Microsoft is taking you back to school -- free online courses through edX!


Lately, however, I have been very intrigued by MOOCs. If you are not familiar, it stands for massive open online courses. Essentially, the courses are for the most part free, enabling people of all backgrounds, the opportunity to learn. I am currently taking one with edX -- one of the most popular providers of these open courses. Today, I am pleased to find out that Microsoft is partnering with edX to offer courses taught by its employees and experts. The best part? Most of them are free!

"Taught by Microsoft experts, these first courses focused on in-demand skills feature interactive coding, assessments, and exercises, and are now open for enrollment. Anders Hejlsberg, technical fellow at Microsoft, will co-teach Introduction to TypeScript; with Introduction to Bootstrap, students will learn a popular front-end web development framework; Programming with C# will help learners gain expertise in a widely used programming language for .NET; additional courses in fast-growing technologies such as cloud computing, data platforms, and Office 365 are also available on edx.org. Students can enroll in Microsoft courses for free or obtain a verified certificate for a fee. Enrollment opens today, with courses beginning at the end of March", says edX.

Steve Guggenheimer, Microsoft Corporate VP and Chief Evangelist, Developer Experience (DX) explains, "Microsoft has a long history of working within the community to make coding and app development more accessible and rewarding to the growing number of people who want to help shape the technology industry. Together with edX we can provide new opportunities for students and developers from around the world to create innovative applications, services, and experiences that have a meaningful impact on today’s mobile and cloud centric world".

For the most part, all of these courses can be taken for free. With that said, edX offers the opportunity to pay for a "verified" certificate. Besides simply paying, you must utilize a webcam to upload an image of your face and a photo ID, such as a driver's license or passport. This is designed to prevent fraud.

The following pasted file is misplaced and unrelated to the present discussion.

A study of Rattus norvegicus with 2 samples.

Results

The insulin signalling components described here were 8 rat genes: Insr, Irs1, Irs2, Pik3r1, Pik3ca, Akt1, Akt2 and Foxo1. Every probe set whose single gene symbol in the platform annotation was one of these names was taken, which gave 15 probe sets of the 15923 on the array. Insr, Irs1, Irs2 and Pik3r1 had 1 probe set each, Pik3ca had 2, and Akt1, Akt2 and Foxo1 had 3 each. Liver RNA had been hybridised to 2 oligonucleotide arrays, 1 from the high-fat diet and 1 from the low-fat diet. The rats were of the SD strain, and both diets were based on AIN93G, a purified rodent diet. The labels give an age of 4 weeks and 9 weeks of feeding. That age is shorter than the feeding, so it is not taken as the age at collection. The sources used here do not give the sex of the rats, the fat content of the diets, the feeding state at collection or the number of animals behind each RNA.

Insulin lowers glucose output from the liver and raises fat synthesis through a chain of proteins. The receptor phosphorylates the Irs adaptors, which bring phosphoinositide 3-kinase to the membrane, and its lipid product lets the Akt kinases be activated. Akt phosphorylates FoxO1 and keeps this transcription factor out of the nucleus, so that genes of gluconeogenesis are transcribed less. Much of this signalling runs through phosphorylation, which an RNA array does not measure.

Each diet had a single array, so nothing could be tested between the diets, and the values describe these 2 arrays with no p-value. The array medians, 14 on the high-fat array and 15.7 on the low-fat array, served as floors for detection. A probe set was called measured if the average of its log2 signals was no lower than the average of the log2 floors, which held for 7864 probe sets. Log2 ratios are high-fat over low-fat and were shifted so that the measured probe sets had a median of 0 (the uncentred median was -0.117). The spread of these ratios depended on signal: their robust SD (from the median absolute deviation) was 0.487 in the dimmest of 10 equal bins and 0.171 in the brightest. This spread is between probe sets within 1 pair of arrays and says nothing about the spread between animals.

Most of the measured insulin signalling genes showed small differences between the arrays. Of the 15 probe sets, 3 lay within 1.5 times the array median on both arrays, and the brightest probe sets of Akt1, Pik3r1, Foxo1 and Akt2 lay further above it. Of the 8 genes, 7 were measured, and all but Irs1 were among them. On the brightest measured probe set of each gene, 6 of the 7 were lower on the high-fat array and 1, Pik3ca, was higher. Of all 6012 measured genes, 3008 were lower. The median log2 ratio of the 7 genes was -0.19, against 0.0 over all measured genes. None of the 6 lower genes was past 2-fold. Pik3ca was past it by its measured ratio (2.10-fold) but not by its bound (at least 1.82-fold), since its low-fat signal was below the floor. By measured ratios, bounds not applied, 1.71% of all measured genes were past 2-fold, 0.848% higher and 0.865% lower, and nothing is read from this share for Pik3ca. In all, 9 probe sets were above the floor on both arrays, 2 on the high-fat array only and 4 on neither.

Do you need to obtain the verified certificate? No, but if you want to use it on a resume or LinkedIn profile, it is recommended. As an example, I am planning to take "Querying with Transact-SQL" and paying $90 for the verified certificate. I think this is a fair price for a course backed by Microsoft.

The only course that requires payment, which is something I have never experienced with edX, is Windows PowerShell Fundamentals. Apparently, a course designated as "Focusing on Professional Education" cannot be taken for free. The company explains below.

EdX Professional Education is geared toward professional and executive level learners who are interested in advancing their careers. Our Professional Education courses will focus on specific industries and skill sets, and will cater to schedules of professional learners. These courses may offer continuing education credits or professional education credits.

Students registering for this course will be asked to verify their identity and to pay for the course. A $200 Fee Required.

If you want to sign up for some of these Microsoft courses, you can check them out here. Don't stop there, though; I urge you to check out all of the courses that edX has available. Some of them are offered by Harvard, MIT, Berkely, and more.

Which courses will you take? Tell me in the comments.